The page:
The Manchester Worker Bee has taken our city by swarm - what's the real meaning behind it?

Many of you know that the worker bee is a well-know Mancunian symbol. But where did it come from?

Here’s a little history, a few facts you might not know.

The history of the Manchester Bee

So, why is this tiny creature a symbol for Manchester?

It’s come to stand as an emblem of our industrial past. The city was a hive of activity (pardon the pun) during the Industrial Revolution and workers were soon dubbed ‘busy bees.’ It’s this description that eventually just, well, stuck.

Manchester played an extremely important role during the industrial revolution. Factories were called “bee hives” because of their workers’ hard work ethic and how busy the workers were.

In an early Victorian branding exercise, it was decided that 7 worker bees would be included in the city’s coat of arms. These bees, placed in a globe, represented how the city traded across the seven seas of the world.

‘The Manchester Bee’ can be found everywhere – Its representation of a city made by the people, for the people, continues to this day and beyond, with many businesses, organisations and people making Manchester their base and home.

This is your Manchester, a city that continues to grow and make a name for itself globally. You, your parents and grandparents played a massive part in this.

You won’t just find the bee on bins though. Next time you’re in town, instead of avoiding eye contact, thinking about food or staring at your phone, look up at the facades of the buildings around you.

The bee can be seen on the clock face of the Palace Hotel, on the mosaic flooring at Manchester Town Hall, in St Ann’s Square above the (formerly Links of London) store, in the stained glass of Lloyds Bank and in a hidden location at Manchester Art Gallery. Look out for them around the city. These little creatures have come to represent Manchester’s energy and solidarity. Resilient, peaceful, but with a sting in their tails.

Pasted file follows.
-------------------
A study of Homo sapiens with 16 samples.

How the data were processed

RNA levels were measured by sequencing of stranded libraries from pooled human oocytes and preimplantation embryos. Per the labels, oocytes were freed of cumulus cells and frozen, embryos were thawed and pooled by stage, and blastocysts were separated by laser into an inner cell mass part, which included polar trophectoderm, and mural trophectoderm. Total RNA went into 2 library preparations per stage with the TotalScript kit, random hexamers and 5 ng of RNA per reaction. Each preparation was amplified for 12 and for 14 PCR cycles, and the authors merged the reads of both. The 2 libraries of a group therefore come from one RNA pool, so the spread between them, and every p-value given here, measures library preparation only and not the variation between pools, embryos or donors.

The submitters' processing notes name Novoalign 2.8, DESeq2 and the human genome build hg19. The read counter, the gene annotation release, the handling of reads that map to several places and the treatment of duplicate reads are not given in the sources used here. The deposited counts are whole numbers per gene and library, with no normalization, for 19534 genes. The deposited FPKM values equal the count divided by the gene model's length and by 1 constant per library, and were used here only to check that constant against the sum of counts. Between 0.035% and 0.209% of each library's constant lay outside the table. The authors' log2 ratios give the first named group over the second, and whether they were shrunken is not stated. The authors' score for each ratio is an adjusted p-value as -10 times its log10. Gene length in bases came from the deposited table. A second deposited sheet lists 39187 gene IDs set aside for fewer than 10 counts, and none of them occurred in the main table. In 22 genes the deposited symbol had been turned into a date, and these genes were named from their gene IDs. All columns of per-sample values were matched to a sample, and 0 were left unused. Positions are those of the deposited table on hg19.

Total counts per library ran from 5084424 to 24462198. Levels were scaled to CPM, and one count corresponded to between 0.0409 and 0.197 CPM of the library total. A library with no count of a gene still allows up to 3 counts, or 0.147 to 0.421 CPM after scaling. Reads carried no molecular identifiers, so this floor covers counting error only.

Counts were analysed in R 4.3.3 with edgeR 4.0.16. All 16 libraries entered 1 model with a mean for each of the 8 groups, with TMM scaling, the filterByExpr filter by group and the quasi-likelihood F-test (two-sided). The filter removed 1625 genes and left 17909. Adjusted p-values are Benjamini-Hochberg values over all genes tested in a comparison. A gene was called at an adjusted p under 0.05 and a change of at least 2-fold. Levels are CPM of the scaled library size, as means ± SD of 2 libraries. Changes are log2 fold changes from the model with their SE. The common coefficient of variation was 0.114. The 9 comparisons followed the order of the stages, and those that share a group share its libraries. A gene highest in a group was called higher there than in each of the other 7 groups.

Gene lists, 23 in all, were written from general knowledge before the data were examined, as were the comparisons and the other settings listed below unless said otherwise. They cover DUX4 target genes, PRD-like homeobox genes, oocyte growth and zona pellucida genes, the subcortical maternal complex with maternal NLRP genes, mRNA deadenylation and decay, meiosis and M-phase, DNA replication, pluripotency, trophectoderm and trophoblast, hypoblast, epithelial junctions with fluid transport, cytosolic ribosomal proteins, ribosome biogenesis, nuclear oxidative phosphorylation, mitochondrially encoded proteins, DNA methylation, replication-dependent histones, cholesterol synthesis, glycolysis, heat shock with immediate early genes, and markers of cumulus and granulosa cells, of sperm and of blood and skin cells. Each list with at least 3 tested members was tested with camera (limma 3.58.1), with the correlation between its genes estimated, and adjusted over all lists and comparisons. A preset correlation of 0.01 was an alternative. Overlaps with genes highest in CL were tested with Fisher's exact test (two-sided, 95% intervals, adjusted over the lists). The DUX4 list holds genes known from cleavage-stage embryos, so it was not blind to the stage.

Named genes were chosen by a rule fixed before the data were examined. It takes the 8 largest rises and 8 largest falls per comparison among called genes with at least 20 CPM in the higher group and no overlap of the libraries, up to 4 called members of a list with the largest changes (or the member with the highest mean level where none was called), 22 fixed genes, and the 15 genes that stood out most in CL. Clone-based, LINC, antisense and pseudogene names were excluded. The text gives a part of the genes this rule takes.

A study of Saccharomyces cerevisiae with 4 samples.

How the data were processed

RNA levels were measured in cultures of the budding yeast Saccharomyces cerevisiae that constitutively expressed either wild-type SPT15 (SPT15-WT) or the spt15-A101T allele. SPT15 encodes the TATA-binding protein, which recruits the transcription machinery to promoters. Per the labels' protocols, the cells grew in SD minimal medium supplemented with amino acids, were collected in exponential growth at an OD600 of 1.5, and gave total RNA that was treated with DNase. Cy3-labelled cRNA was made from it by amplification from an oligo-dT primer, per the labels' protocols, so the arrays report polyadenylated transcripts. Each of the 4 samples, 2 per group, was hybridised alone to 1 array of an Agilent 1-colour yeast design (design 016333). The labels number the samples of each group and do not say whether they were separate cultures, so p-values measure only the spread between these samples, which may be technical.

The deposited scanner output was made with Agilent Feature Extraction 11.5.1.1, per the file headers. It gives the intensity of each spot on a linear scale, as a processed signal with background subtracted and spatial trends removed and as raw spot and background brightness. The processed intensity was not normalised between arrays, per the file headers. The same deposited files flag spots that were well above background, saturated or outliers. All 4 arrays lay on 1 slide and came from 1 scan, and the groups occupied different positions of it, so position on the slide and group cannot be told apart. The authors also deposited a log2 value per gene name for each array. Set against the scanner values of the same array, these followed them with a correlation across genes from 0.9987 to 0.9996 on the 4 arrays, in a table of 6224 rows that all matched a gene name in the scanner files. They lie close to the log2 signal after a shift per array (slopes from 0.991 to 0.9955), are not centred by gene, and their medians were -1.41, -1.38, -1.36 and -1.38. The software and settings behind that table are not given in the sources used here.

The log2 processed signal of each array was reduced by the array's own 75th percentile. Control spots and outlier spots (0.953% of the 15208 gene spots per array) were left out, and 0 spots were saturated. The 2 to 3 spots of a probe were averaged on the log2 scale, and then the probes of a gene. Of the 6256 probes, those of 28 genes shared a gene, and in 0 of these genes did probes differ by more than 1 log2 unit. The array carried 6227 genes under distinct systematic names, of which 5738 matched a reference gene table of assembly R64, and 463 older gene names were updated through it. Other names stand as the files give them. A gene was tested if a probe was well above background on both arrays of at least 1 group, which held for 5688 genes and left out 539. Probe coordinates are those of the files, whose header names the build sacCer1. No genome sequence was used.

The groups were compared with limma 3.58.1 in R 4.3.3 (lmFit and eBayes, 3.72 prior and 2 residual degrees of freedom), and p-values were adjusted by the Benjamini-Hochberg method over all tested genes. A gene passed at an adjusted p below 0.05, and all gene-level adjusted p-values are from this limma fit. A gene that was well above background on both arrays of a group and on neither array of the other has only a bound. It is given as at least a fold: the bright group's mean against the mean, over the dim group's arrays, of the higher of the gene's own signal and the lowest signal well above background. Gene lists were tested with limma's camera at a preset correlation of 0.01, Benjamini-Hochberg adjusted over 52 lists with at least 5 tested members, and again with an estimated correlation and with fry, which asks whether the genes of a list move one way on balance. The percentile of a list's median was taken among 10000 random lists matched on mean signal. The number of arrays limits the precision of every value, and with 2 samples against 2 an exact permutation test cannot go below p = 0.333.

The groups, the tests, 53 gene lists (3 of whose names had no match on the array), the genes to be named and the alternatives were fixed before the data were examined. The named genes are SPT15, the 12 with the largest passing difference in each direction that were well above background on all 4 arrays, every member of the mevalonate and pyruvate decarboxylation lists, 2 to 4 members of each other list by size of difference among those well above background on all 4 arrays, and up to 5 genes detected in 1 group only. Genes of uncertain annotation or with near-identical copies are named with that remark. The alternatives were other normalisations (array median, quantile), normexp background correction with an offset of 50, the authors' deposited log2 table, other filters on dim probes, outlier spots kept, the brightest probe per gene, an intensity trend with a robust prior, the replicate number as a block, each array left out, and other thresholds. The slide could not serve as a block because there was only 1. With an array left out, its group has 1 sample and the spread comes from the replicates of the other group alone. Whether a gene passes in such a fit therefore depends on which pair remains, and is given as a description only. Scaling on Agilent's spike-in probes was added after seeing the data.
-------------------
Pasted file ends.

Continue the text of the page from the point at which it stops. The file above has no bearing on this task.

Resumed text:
People have been flocking to tattoo parlours to honour the victims of the devastating Manchester Arena bombing. The attack led to 22 people being killed and many more injured in one of the worst terror attacks since 7/7. Plenty of tattooists around the city paid tribute to Manchester using the symbol and raised money for victims of the attack.

Similarly, Ariana Grande and her team reportedly inked themselves with the symbol of our city. Artists from Manchester Ink joined the pop star and her Dangerous Woman tour crew backstage to apply the body art, following her hugely successful One Love Manchester concert.

That Mural in the Northern Quarter

A Manchester mural in the city’s Northern Quarter by graffiti artist Russell Meeham aka Qubek who started painting the old toilet block in Stevenson Square with bees and two hands joined together in solidarity. It was after this moving token as a testament to the city’s strength that he was commissioned to create the mural on the side of the Koffee Pot on Oldham Street. As word spread about the work of art taking shape people came past to see what he was doing.

Tram 3022 pays tribute to the spirit of Manchester. It features a design inspired by the worker bee. The tram also carried people travelling to Ariana’s One Love concert at Old Trafford cricket ground free of charge if they showed staff their concert ticket. Solidarity all around on this one.

Unity and strength is what our city does best.